Learn the differences between types of protective orders in Texas
According to the National Coalition Against Domestic Violence, about 20 Americans are physically abused by an intimate partner every minute. Fortunately, victims of domestic violence are protected under the law.
One way the law protects victims from further harm is through protective orders.
Most people use the terms protective orders and restraining orders interchangeably. While these 2 documents share some similarities, they are completely different in Texas.
What is a protective order?
Protective orders are legal documents demanding that an alleged abuser ceases assaulting, threatening or stalking the victim. This differs from a restraining order, which only requires that 1 party does not contact the other.
Protective orders are primarily used to protect individuals under the threat of domestic violence. Unlike restraining orders, protective orders contain specific details on how long the demand remains valid and the consequences of breaching it.
Another difference between the 2 is that protective orders are fiercely enforced. Unlike restraining orders, the terms of a protective order are enforceable. The stakes are even higher if it is an emergency protective order.
There are the 3 main types of protective orders in Texas.
1. Temporary ex parte protective order
A temporary ex parte protective order is issued by the court to provide immediate protection from the alleged abuser. It covers all the family members and other people living in the same household as the person under threat of violence.
To expedite the process, the alleged abuser doesn’t have to be present for the alleged victim to get a temporary protective order. However, there must be a clear threat of violence for the individual and their family members for a judge to issue one. The decision made by the judge will be informed by the information provided by the person seeking protection.
Once the details have been reviewed, the order is issued in a civil court. The order will remain valid for the period stated. Usually, temporary orders last for 20 days. However, it can be extended for another 20 days if the danger is still present. The victim can request the extension or a judge can decide to extend it.
2. Permanent (or final) protective order
A permanent protective order is issued if the temporary order is not sufficient. For instance, if the threat of violence still exists after the 20-day extension, then a final protective order may be issued.
There are 2 major differences between a permanent and temporary protective order:
- The final order remains valid for a longer time, usually a maximum of 2 years.
- A permanent protective order cannot be issued ex parte, meaning the alleged abuser will have to be present during the hearing. Since the implication will last for a longer time, they will have a chance to present their argument and dispute any claims about their behavior.
If someone is trying to secure a permanent protective order against you, you should consult with a reliable criminal defense attorney to argue your side of the story. Depending on the evidence presented, the judge can choose to terminate the request or extend the order.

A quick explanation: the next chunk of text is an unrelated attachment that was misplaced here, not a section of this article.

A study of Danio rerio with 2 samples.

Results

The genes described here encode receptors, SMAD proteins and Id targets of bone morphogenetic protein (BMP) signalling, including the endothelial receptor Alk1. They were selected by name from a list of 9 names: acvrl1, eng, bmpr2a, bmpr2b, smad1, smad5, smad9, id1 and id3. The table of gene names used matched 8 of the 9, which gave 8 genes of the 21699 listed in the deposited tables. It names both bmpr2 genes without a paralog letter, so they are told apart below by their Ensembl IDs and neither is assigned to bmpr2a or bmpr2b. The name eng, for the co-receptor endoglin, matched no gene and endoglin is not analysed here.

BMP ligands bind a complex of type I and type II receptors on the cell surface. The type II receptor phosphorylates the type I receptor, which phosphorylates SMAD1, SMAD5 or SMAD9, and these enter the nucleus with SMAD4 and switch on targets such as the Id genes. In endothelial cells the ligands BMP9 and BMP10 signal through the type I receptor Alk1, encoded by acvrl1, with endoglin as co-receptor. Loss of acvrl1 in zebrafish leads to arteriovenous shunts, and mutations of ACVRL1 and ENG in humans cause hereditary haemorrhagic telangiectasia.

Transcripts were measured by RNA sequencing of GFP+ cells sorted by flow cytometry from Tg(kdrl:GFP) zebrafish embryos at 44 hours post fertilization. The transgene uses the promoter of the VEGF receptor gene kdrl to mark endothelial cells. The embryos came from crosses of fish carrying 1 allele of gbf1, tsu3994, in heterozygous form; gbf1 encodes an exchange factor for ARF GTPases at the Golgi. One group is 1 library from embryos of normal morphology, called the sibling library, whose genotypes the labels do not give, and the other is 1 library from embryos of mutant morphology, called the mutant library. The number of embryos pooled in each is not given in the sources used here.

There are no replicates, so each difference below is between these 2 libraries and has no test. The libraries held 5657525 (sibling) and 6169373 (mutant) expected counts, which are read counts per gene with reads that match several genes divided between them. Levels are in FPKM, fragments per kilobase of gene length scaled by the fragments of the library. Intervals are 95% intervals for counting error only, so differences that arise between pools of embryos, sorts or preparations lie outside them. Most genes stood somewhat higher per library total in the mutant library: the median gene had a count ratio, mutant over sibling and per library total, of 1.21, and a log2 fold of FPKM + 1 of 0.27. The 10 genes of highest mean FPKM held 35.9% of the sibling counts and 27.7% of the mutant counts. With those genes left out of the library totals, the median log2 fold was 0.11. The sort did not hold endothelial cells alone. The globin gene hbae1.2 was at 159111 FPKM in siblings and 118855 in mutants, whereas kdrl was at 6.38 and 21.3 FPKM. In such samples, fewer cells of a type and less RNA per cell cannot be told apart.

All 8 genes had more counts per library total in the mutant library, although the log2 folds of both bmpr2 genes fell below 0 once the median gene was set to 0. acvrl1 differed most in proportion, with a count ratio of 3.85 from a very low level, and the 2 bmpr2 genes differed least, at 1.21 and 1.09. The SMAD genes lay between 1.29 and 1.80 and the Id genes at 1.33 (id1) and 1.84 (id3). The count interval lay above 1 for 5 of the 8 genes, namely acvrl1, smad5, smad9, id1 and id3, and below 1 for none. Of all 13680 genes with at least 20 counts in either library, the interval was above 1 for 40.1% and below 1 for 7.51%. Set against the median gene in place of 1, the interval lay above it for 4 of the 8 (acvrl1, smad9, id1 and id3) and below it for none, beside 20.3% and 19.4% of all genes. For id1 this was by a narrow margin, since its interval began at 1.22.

3. Order of emergency protection
Unlike the first 2 protective orders, an order of emergency protection is issued by a magistrate in a criminal court. The victim of domestic violence doesn’t have to apply to get one. It can be requested by the arresting officer, guardian or prosecutor.
An emergency order is warranted if the alleged abuser committed any of the following offenses:
- Sexual assault
- Sexual abuse
- Indecent exposure
How to apply for a protective order
To obtain a protective order, one usually has to apply in the county where the alleged abuser lives or where the abuse took place. Here is a step-by-step guide of the process.
- Visit the District Attorney’s office. The district attorney handles protective orders in Texas. Although the prosecutor usually represents the alleged victim in court, you may want to consult with a private attorney because they are often able to devote more time to your case than a court-appointed attorney.
- Filling the forms. The judge will use the information provided in the forms when deciding whether or not to grant the protective order. The judge will ask the alleged victim to supply all the required information and be as detailed as possible. For instance, they must describe how the alleged abuser threatened or assaulted them. Other details include the petitioner’s name and address, the relationship between the alleged abuser and the victims and a request for a protective order.
- Review of the application. After filing the forms, the judges go over the details and may ask for clarifications. If there is an immediate threat of violence, a temporary protective order may be issued. If not, the clerk of court serves the alleged abuser with a notice of application. The alleged abuser is summoned to appear on a set hearing date.
- Schedule a hearing. A permanent protective order can only be issued once the judge has heard from both sides. There must also be a history of violence and cause to believe the alleged abuser will do it again. Failure to show up for a hearing could result in a ruling that is not in your favor.
A domestic violence case can have far-reaching consequences for both the accused and the alleged victim. Don’t seal your fate by going through the process without a lawyer. Reach out to the law office of Matthew D. Sharp for legal assistance about your domestic violence case.